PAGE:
Go to any restaurant in Korea during our hot and sweaty summers, and you’re likely to find these lovely greens stems of kimchi on your table. This is yeolmu (열무, young radish greens) kimchi, a light, crunchy and refreshing summer kimchi. It’s so well loved, we eat it as a side dish and also add it to noodles and bibimbap.
1 bundle yeolmu (young radish greens, about 1–1.2kg)
1 medium white onion
1 red chilli (more if you want it spicier)
2–3 green chillies
10 cloves garlic
1 thumb ginger
4 tbsp coarse sea salt + a couple handfuls for curing
1 small handful scallions (3–4 cm between your thumb and forefinger)
5 tbsp of AP flour*
3 cups (600ml) water
*Any kind of starch will do: glutinous rice flour or even a cooked, mashed potato. The function of pul (풀, starch porridge) in kimchi is to counteract grassy flavors in the greens, and also provide food for the lactobacillus (speeding up fermentation in seasonal, quickly-consumed kimchi), so the exact amount of pul you use isn’t important. If we’re making kimchi to store for the long-term, we tend to not use pul.
To make the porridge in advance:
1. Mix your flour with cold water and whisk to remove any lumps
2. Bring the mixture to a boil, whisking constantly, and remove from heat when it becomes translucent. Cool to room temperature.
To make kimchi:
1. Clean your yeolmu by trimming any stiff and fibrous stems and scraping the roots clean. Pay extra attention to the top part of the roots where a lot of soil tends to hide. If your yeolmu is a little overgrown you may have to cut some of the roots in half.
2. Rinse thoroughly once more and set them aside to drain on a wicker tray (or wire rack). Don’t use a salad spinner—it can bruise the greens, releasing a grassy flavor. Anyhow, you don’t have to dry them perfectly, a few drops of water aren’t going to kill anyone!
3. Cut the greens into 5–6cm pieces. Put them in a bowl and sprinkle some coarse sea salt over them. The amount of salt doesn’t matter too much—the more salt you use the faster it cures, and vice-versa. Toss the leaves gently a couple of times. Be careful: If you toss them too much, you’ll bruise the leaves, bringing out too much grassiness.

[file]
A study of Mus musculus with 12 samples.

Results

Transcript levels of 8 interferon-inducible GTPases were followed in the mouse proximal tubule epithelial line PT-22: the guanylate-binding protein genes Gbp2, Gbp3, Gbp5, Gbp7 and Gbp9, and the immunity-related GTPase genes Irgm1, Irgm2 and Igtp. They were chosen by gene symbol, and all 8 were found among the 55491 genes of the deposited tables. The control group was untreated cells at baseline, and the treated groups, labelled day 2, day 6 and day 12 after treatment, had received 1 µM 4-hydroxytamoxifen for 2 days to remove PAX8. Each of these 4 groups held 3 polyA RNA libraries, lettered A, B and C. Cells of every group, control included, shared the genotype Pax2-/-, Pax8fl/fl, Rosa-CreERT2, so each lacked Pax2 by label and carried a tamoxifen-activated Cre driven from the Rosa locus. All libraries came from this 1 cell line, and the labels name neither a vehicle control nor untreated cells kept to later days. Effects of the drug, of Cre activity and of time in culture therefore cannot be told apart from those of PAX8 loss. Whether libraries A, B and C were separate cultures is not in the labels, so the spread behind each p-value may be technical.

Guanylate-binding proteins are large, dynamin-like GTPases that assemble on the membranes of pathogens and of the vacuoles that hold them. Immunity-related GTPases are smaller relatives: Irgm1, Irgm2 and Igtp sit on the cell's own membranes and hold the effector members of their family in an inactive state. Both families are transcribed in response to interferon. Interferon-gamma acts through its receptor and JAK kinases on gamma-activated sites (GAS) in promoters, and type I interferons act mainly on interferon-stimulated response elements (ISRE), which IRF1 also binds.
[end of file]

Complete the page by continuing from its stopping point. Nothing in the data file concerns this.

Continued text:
4. Once the greens have wilted, rinse a piece and taste it. If you taste a little saltiness, it’s ready. Rinse all the greens gently in cold water and drain them on the wicker tray again.
5. While you are draining your leaves, combine the garlic, ginger and chillies together. Chop or blend until the red chillies are a coarse dice. Blend the onion separately into a purée.
6. Combine the chilled porridge, water and vegetables from step 5 and season with salt.
7. Cut the scallions into 5–6cm pieces.
8. Put the yeolmu greens into a container, spread the scallions on top and pour the porridge mixture evenly over it all. If there is a lot of space between the surface of the kimchi and the lid, place some plastic wrap over the top to prevent too much air exposure.
9. Let it ferment for a day at room temperature. Right when you start to smell a kind of funky, fermented aroma, put your kimchi into the fridge in a tightly-sealed container. Kimchi hates air, so always keep it air-tight.
You can start eating your yeolmu kimchi the following day. Serve cold as a banchan, or try adding a small bunch to your bibimbap or cold noodles.